Writing from: Pushkar, blah camel blah
There is some doubt as to when the actual Pushkar Camel Fair begins, we found as we phoned around hotels trying to find somewhere to stay for the big event. We eventually settled in New Rituraj Palace (which is lovely, by the way), a small hotel with rooftop rooms (and tents for last-minute room needers who don’t find the rooms they need). Mainly because the lady on the phone told M “Of course the camel fair begins on the sixth. The animals are arriving already!”. In my head I could see camels in Hawaiian shirts and sunglasses stepping off the bus and hailing rickshaws…
Pushkar is a teeny place set in the sometime shade (at the right time of the day) of Nag Pakar (Snake Mountain, which sounds like somewhere Skeletor resides). For two weeks each year it is overrun with camels, horses, cows, tourists, and people selling stuff to tourists or selling beasts to beast buyers. It is set around a sacred lake, lined with ghats (steps down to the water where people go in to have a bit of a holy bathe), and is one hell of a wish you were here sight when you wander down to the lakeside at sunset.
Growing from one side of the tourist heart, across sandy stretches beyond, lies the stamping, lowing, braying, neighing sandstorm that is the Camel Fair itself.
First come the horses. Lines and lines of snorting beasts, flicking their manes and kicking discontentedly at the ropes around their feet. Each one brushed to a dazzling white, brown, black, or some of each, standing out against the desert dust and travel-filthy tents that surround them.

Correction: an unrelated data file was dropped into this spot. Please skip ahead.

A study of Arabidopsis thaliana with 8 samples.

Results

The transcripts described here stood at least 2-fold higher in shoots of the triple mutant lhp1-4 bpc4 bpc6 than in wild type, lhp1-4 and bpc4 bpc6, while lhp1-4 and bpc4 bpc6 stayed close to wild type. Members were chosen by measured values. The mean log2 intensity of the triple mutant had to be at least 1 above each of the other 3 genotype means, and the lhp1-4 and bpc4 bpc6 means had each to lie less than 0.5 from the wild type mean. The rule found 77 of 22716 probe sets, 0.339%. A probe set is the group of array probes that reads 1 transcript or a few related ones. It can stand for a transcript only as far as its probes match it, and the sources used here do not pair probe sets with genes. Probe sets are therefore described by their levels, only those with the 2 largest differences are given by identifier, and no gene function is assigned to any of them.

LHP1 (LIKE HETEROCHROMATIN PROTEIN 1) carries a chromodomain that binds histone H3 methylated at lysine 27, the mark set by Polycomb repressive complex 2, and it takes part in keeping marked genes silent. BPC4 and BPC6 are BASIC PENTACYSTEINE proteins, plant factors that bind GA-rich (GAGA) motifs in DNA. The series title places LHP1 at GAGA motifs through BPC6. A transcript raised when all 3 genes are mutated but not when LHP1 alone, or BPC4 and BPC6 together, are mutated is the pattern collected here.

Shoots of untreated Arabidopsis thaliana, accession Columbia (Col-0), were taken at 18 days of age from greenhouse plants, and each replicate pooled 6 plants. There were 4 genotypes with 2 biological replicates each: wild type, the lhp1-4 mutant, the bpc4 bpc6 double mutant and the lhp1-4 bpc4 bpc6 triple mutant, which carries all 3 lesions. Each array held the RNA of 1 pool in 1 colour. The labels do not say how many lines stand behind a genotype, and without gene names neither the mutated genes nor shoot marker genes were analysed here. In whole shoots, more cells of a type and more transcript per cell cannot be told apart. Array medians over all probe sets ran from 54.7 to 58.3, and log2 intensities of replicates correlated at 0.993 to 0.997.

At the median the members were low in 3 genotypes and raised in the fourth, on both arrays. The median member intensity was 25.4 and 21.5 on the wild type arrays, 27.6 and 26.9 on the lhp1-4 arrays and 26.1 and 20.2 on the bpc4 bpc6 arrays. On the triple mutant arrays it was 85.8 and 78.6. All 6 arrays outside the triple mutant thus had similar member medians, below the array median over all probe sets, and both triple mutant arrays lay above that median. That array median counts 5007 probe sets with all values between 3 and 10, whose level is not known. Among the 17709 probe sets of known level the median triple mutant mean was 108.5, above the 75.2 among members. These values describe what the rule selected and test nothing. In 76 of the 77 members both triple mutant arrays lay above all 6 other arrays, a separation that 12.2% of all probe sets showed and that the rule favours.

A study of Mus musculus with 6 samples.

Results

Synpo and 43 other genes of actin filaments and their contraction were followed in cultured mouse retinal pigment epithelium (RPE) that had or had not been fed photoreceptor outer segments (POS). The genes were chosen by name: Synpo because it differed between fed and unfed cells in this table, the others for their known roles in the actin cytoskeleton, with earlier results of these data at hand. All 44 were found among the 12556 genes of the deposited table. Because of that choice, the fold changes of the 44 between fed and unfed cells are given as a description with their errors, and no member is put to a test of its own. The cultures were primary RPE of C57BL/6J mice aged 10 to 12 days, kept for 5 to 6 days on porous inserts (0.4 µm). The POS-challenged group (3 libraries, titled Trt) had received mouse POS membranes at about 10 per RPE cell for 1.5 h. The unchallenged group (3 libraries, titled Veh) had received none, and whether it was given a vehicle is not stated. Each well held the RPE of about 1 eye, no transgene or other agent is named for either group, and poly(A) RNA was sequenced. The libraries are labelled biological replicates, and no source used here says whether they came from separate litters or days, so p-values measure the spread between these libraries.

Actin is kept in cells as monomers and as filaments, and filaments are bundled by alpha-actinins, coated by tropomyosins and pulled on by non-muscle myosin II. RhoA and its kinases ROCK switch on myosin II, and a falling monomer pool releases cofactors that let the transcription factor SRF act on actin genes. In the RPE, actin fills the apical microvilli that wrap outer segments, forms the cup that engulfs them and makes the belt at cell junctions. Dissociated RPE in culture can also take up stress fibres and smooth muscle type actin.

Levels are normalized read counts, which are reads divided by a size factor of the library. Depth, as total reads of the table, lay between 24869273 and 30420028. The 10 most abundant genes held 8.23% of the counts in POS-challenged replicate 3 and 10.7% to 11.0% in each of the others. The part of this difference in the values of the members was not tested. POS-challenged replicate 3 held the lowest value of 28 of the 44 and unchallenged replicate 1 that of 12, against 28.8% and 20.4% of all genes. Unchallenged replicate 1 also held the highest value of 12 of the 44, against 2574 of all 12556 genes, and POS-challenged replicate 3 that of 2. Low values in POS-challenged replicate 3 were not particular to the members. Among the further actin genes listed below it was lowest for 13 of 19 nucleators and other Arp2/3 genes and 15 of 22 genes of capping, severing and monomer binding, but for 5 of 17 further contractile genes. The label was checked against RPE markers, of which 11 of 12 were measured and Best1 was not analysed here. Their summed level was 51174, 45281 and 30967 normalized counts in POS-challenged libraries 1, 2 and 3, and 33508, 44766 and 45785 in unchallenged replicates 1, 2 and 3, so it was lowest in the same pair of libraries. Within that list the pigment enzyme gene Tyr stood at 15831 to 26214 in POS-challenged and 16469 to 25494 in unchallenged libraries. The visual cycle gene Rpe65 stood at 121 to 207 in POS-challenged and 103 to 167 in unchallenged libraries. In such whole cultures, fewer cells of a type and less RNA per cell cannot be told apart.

Some stand alone with a few weary sellers, obviously the pride and hope of a smaller farm, while others fidget side by side with ten to twenty similar steeds. Tinier weak-kneed ponies with flower-draped ears wobble at the end of these rows, blinking at you with buy-me eyes, and larger pure white horses with pink-rimmed blue eyes and Hindi symbols smeared on their haunches stand out from the rest, clearly the best of the bunch.
Around cooking fires sit journey-wrinkled men who smoke, eat, and snooze under sunbleached tent tops, haggling, swapping stories of the road to Pushkar, and readjusting their piled headscarves to keep the sun from their eyes.
The smell is all dust, animals, and greasy food fried in king-size woklike cauldrons, burned black from daily use. The sun is so hot that the dung smell barely rises to your nostrils, but the sand, disturbed by sellers riding bareback on flightly four-leggers to show them off, scatterings of tourists and locals alike as a camel or horse breaks for freedom in the tangle of tents and stamped-flat clearings, and animals impatient for space or dinner, fills the too-warm air, invading your lungs with every in breath and making your nose itch.
Off in the distance camels stretch into as far as the eye can see. Single humped, double humped, dark furred and light, rough haired, and two toed. Chewing with lower teeth jutting out from the split in their floppy camel lips. Adorned with cascades of all-coloured pompoms, plaits, and beaded trinkets, looking proud and silly all at once. Some carrying tourists with I-don’t-like-this-but-I-am-paying-for-it-so-will-damn-well-make-it-look-like-I-am-loving-it smiles on their red and white sweat-glistening faces.
I stand in the swirl of it all, coughing, wheezing, and occasionally sneezing, but with my eyes in a hundred places, wanting to ask how much for the curl-eared newborn pony to my right.
My lungs clearly are not happy to be here, but I have antihistamines galore, and the rest of me is stomach-flippingly pleased to be standing in the middle of it all getting sunstroke.